Last Wednesday I flew to DC (alone with both babies!), spent the night at my in-laws' house, and then Thursday at dawn flew to St. Petersburg, Florida with my mom and Eden.
St. Petersburg: flat land, stirring with grey and white haired people, hemmed in by sea walls, scented by bay and bayou, and thick with history and family lore.
Both of my parents grew up in St. Pete. My dad was friends with my mom's older brother, John, growing up (and John accompanied them -- years later when they were in their 20's -- on their first date = drinking beer on the beach).
Driving through St. Pete is driving through a map of stories. Every time we visit, we pile in the car to connect the dots of my parents' past lives, the landmarks -- 20th Ave, Coffee Pot Bayou, Boca Ciega bay that used to be as broad as a sea, Admiral Farragut Academy, Sunset Ave -- and as we retrace those steps, I try to map the route in my head, wondering if I could ever drive it alone, wondering if I have internalized the stories enough to tell my own children. And each time, it seems that I can't quite grasp the past.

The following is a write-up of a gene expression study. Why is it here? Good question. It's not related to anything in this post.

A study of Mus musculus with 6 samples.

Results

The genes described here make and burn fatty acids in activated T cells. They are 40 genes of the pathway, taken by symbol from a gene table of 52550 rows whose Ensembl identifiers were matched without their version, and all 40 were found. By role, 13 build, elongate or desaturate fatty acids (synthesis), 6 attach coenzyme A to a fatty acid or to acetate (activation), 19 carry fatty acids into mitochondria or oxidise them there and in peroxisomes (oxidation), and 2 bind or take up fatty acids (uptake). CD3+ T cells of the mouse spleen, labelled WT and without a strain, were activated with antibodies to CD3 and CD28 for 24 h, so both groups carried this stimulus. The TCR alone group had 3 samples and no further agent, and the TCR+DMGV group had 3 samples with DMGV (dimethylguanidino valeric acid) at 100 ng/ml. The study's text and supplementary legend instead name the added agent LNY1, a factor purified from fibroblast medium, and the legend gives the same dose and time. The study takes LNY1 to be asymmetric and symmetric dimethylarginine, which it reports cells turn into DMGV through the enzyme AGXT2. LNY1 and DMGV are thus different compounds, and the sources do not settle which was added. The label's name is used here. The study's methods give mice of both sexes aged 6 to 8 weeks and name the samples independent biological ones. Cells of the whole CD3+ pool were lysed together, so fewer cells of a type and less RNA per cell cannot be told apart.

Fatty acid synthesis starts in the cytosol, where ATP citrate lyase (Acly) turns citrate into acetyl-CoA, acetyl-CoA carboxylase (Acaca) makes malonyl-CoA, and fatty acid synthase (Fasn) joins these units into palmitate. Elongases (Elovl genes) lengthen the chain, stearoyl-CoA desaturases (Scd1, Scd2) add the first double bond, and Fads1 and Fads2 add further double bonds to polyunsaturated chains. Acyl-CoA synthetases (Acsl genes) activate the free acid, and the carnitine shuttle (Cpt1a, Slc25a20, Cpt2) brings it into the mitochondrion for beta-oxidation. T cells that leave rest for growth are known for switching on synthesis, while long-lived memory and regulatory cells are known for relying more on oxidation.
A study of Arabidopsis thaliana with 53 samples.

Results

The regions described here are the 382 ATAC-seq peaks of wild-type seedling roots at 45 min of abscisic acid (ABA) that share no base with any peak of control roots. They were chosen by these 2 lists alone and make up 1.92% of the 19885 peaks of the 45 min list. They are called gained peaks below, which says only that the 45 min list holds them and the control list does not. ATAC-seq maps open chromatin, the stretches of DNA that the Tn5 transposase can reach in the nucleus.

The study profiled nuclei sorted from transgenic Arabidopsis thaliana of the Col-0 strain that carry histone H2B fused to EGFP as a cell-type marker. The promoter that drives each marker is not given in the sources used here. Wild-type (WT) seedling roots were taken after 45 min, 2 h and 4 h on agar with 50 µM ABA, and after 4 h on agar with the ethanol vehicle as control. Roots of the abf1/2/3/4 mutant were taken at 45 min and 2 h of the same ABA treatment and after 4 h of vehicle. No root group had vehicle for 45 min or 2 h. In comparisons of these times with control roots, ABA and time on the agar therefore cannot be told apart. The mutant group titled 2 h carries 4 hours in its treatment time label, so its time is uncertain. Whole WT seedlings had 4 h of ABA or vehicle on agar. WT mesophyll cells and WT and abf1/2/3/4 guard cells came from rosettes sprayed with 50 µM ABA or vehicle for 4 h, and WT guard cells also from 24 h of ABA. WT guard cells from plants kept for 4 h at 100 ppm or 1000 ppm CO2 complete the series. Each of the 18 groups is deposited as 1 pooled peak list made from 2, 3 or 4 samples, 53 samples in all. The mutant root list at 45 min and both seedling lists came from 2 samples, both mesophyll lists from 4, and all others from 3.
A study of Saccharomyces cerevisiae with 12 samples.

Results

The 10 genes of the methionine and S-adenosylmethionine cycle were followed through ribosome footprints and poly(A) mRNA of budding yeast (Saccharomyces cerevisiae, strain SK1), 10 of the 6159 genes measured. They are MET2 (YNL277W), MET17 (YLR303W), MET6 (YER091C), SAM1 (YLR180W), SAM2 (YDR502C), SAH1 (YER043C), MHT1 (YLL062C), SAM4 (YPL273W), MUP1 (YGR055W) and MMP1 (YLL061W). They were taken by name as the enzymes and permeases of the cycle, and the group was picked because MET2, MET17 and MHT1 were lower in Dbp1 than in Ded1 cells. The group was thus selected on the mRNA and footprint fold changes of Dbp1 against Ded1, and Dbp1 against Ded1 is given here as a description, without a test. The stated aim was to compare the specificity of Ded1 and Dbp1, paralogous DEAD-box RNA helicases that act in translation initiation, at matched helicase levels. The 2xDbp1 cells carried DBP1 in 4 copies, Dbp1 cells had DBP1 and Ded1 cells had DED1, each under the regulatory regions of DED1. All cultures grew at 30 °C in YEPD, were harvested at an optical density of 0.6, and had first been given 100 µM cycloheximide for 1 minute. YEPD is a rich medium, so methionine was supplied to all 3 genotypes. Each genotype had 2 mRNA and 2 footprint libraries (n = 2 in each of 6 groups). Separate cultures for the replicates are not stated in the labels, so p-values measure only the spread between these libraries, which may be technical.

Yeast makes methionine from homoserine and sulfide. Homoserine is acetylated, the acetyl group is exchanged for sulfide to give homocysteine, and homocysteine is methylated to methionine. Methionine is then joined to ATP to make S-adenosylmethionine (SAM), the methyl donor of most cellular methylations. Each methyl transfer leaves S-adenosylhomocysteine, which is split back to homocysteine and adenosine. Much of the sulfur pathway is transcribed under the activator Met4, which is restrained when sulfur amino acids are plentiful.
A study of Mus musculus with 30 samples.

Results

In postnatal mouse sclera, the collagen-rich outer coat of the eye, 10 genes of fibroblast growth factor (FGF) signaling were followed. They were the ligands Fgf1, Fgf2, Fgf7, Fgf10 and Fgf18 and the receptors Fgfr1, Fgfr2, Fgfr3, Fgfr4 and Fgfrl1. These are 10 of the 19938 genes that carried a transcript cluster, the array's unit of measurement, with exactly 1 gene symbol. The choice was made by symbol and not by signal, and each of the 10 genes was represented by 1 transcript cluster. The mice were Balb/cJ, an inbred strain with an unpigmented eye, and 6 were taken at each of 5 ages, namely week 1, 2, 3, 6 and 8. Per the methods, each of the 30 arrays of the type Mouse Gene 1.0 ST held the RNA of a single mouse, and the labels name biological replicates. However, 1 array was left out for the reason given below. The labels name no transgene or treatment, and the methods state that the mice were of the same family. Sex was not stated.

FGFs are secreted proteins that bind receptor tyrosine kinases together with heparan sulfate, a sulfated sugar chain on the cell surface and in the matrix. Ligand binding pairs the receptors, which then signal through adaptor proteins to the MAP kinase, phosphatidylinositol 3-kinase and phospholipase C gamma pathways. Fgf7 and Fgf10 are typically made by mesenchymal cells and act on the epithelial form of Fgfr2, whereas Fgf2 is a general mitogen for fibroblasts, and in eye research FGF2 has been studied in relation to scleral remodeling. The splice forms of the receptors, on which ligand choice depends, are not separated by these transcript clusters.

It is strange that parents were 7, 13, 26 years old, that they existed so fully before we were born. That they had parents dictating and shaping them, that those parents were sprier, more authoritative versions of the "grandparents" we now know. It is strange that they listened to music that never played in our house, loved people we will never know, had roommates whose names they've forgotten and lived in spaces we'll never visit. It is strange that as fully as we know and love our parents, so much of how they arrived at who they are today is untold, unknowable, lived.